Education: What is a nerve impulse?

What is a nerve impulse? How does a nerve axon generate it and allow signalling using impulses from one place to another?

The impulse may be thought of as a message or wave.  A ‘message’, for example on a telegraph, or a ‘wave’ in the sea initiates at one point and ends up elsewhere. The message needs the medium: the wave may have travelled great distances, but it cannot exist without the sea, whereas the sea itself has not moved. Likewise, the anatomical connectivity of an axon does not change as impulses are transmitted. A telegraph message requires an unbroken line. If the telegraph line somewhere between Laramie and Denver in the old West is broken, then the message does not get through and the bandits might escape justice. There is a similarity here with the nerve impulse and the axon. The axon has to make the impulse and provide a conduit for its conduction.

Old fashioned telephonic communication required unbroken hardwiring. So does our nervous system.

You also have the idea that a wave has an energy that must be somehow provided. So for light waves in a torch, there must be a working battery that’s switched on. Or a storm out in the Atlantic can make a wave on the sea. A message or a wave requires energy, and so does a nerve impulse. The message or wave requires a medium to allow travel. The nerve impulse is dependent upon the axon for its initiation, maintenance and propagation, and the energy to make nerve impulses comes from our food.

The energy to make a wave may be provided far out to sea, and then the wave propagates long distances.

The nerve impulse itself is a brief change in electrical potential across the membrane of the nerve (taking something like one half of one-thousandth of a second to occur). This depends on the distribution of salts in solution (inside and outside the membrane) and on remarkable proteins controlling which of these salts can cross the membrane. 

Some of these proteins are called sodium channels, but they certainly require their own blog post, as they are so fundamental and so important. When those proteins change their state, they can generate a change in electrical potential across the membrane. 

Such a change in electrical potential produces an event, but to turn it into a message, it has to travel without being diminished. The nerve fibre helps to do just that because it has the salt controlling proteins all the way along its length, and they are assigned to the impulse, as the impulse travels along the nerve. This event changes less and less as it moves along, and would peter out without help, but it can’t because of the way the sodium channels in the membrane of the nerve actively amplify it. On the other hand, if you block the sodium channels with a drug, like a local anaesthetic, then you can block impulse conduction.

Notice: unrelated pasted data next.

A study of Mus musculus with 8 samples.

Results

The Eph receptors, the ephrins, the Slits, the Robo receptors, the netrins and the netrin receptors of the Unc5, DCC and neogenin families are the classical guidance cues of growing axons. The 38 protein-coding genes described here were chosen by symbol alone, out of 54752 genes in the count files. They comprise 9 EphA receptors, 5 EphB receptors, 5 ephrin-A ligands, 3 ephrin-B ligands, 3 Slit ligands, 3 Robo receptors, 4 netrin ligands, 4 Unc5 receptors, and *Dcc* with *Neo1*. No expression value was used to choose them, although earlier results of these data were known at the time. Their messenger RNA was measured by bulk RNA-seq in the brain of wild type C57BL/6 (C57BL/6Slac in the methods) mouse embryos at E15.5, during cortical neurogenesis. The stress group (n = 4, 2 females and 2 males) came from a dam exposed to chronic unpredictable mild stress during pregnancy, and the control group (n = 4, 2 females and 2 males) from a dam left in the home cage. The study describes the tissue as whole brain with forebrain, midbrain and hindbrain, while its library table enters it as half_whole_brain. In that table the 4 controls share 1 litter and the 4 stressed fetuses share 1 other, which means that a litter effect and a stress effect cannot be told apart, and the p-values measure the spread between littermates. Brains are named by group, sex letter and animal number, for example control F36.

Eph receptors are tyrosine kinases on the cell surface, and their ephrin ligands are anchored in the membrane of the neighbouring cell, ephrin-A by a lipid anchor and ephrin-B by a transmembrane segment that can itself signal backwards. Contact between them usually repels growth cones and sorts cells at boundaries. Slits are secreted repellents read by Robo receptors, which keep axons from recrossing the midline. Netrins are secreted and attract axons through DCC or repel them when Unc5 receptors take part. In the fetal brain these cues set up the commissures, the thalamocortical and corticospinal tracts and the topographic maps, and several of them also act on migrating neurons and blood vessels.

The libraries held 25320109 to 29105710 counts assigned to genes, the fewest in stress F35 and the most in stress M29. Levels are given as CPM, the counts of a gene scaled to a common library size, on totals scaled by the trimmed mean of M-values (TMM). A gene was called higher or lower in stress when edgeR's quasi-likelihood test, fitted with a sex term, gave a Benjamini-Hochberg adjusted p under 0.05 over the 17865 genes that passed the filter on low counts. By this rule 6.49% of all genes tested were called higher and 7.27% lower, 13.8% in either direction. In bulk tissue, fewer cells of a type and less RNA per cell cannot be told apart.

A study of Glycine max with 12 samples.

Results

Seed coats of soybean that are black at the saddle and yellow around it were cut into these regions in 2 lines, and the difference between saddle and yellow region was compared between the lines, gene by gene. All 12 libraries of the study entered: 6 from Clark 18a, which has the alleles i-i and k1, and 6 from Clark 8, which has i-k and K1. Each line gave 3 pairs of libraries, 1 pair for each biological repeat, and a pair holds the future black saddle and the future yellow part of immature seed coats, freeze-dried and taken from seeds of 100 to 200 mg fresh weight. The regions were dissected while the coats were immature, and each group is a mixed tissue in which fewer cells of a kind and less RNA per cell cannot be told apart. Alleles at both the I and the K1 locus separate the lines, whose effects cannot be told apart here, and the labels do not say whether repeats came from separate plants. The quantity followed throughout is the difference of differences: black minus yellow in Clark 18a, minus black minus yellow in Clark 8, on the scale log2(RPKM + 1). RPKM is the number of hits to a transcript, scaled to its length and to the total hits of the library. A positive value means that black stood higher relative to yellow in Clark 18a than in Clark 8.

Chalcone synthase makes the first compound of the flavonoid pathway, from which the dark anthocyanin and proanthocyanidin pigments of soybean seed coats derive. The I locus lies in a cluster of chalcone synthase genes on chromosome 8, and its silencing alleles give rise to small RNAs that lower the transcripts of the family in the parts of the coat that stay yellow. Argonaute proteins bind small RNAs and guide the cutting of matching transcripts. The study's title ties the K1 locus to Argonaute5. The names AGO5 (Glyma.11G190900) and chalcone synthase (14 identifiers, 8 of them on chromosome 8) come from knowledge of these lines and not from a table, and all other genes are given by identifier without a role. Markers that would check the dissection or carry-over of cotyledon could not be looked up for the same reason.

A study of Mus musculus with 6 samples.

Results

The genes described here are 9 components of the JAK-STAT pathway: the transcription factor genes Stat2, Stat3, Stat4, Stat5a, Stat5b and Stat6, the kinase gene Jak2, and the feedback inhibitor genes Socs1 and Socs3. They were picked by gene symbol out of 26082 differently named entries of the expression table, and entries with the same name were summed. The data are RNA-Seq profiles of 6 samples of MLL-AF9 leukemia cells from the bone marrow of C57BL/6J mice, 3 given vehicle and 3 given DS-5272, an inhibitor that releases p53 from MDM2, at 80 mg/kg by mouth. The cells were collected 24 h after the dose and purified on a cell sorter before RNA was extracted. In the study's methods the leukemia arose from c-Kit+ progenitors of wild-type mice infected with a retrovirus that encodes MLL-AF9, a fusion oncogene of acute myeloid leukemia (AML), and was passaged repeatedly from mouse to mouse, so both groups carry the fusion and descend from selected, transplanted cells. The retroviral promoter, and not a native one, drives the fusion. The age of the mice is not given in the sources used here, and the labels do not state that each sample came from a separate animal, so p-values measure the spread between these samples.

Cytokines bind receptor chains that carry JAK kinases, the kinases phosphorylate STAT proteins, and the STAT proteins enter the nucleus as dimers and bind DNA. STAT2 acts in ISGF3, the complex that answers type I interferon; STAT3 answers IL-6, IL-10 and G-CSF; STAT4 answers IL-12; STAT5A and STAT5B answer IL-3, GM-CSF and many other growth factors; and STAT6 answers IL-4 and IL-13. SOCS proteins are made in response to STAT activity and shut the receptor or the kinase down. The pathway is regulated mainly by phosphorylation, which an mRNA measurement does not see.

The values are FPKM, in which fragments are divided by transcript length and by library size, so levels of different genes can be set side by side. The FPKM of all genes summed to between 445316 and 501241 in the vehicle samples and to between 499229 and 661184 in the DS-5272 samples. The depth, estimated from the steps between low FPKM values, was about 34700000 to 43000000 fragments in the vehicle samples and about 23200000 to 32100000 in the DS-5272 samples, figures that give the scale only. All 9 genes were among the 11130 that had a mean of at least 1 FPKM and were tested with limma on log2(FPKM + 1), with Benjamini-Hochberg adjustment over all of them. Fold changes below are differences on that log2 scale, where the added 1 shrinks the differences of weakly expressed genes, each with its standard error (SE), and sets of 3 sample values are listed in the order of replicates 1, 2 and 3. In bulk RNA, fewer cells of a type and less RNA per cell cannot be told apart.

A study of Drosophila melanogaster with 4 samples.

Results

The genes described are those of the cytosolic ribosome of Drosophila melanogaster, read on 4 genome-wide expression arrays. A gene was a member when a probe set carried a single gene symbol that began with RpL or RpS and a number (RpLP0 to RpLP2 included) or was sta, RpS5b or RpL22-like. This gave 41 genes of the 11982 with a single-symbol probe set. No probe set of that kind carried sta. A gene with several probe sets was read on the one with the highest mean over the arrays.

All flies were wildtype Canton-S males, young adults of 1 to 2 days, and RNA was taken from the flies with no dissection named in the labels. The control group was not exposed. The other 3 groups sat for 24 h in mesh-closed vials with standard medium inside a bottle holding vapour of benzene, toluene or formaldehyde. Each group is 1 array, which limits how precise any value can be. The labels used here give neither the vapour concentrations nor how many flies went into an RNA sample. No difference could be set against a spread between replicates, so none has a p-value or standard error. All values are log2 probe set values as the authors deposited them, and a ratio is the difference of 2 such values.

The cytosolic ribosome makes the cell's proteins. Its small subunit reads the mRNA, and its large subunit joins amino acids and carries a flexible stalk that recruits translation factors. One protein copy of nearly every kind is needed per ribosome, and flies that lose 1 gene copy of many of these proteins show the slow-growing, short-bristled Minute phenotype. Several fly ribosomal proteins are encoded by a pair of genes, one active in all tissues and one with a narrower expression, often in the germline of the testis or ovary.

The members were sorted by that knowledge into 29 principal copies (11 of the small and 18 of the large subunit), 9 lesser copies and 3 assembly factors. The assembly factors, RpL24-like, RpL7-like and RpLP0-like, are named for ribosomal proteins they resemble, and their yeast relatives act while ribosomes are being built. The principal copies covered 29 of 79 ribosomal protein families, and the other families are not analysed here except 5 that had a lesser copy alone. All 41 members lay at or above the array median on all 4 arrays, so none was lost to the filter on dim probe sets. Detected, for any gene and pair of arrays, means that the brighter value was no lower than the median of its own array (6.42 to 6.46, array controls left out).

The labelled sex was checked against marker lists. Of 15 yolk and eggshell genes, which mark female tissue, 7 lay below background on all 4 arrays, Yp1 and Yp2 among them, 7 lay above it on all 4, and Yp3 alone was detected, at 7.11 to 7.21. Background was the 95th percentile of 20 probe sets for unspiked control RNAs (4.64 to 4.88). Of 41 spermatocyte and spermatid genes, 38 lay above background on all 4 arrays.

One thought might make this easier to explain, and this is that the nerve axon has to set up a battery beforehand, in order to make the impulse. The way it does this is by using the energy in food to sort charged particles of salt and distribute them in an unequal way on either side of the nerve membrane. These charged particles of salt are called ions. Using energy, the nerve arranges for there to be many fewer sodium ions on the inside of the membrane than the outside. It tries to exclude sodium ions from inside the axon. 

“Sodium” sounds quite exotic, but sodium ions are formed when we put table salt into our mouths and allow the salt to dissolve, and we have lots of sodium ions inside us, in our body fluids. The sea also has lots of sodium in it, more indeed than our body fluids. Once this gradient of sodium ions have been set-up, it is like a battery that can be utilized to generate an impulse, in a way similar to switching on a torch from time to time to make a flash of light.

The nerve impulse is the biological equivalent of a TTL pulse in electronic communication. It is propagated change in electrical potential, lasting about 0.5 milliseconds at one point, but there is a tail on it, or a so-called after potential, so the axon is affected by the passage of the impulse for a little while afterwards

How is an impulse initiated? It is initiated by another electrical signal arising in a neuron, for example, or at a sensory nerve ending, that causes the sodium channels at one end of the axon to switch on. The impulse is then propagated away from that locality by the presence of other sodium channels distributed along the length of the axon.

How fast does a nerve impulse propagate along an axon?

Up to about 50 or 60 metres per second in humans, that is over 200 km per hour, or over 125 miles per hour, if you want. So you need a sports car and an autobahn to replicate such fast transmission. 

You need a fast car to beat a nerve impulse.

I’ll explain more about axons in my next post. Please ask me any questions below!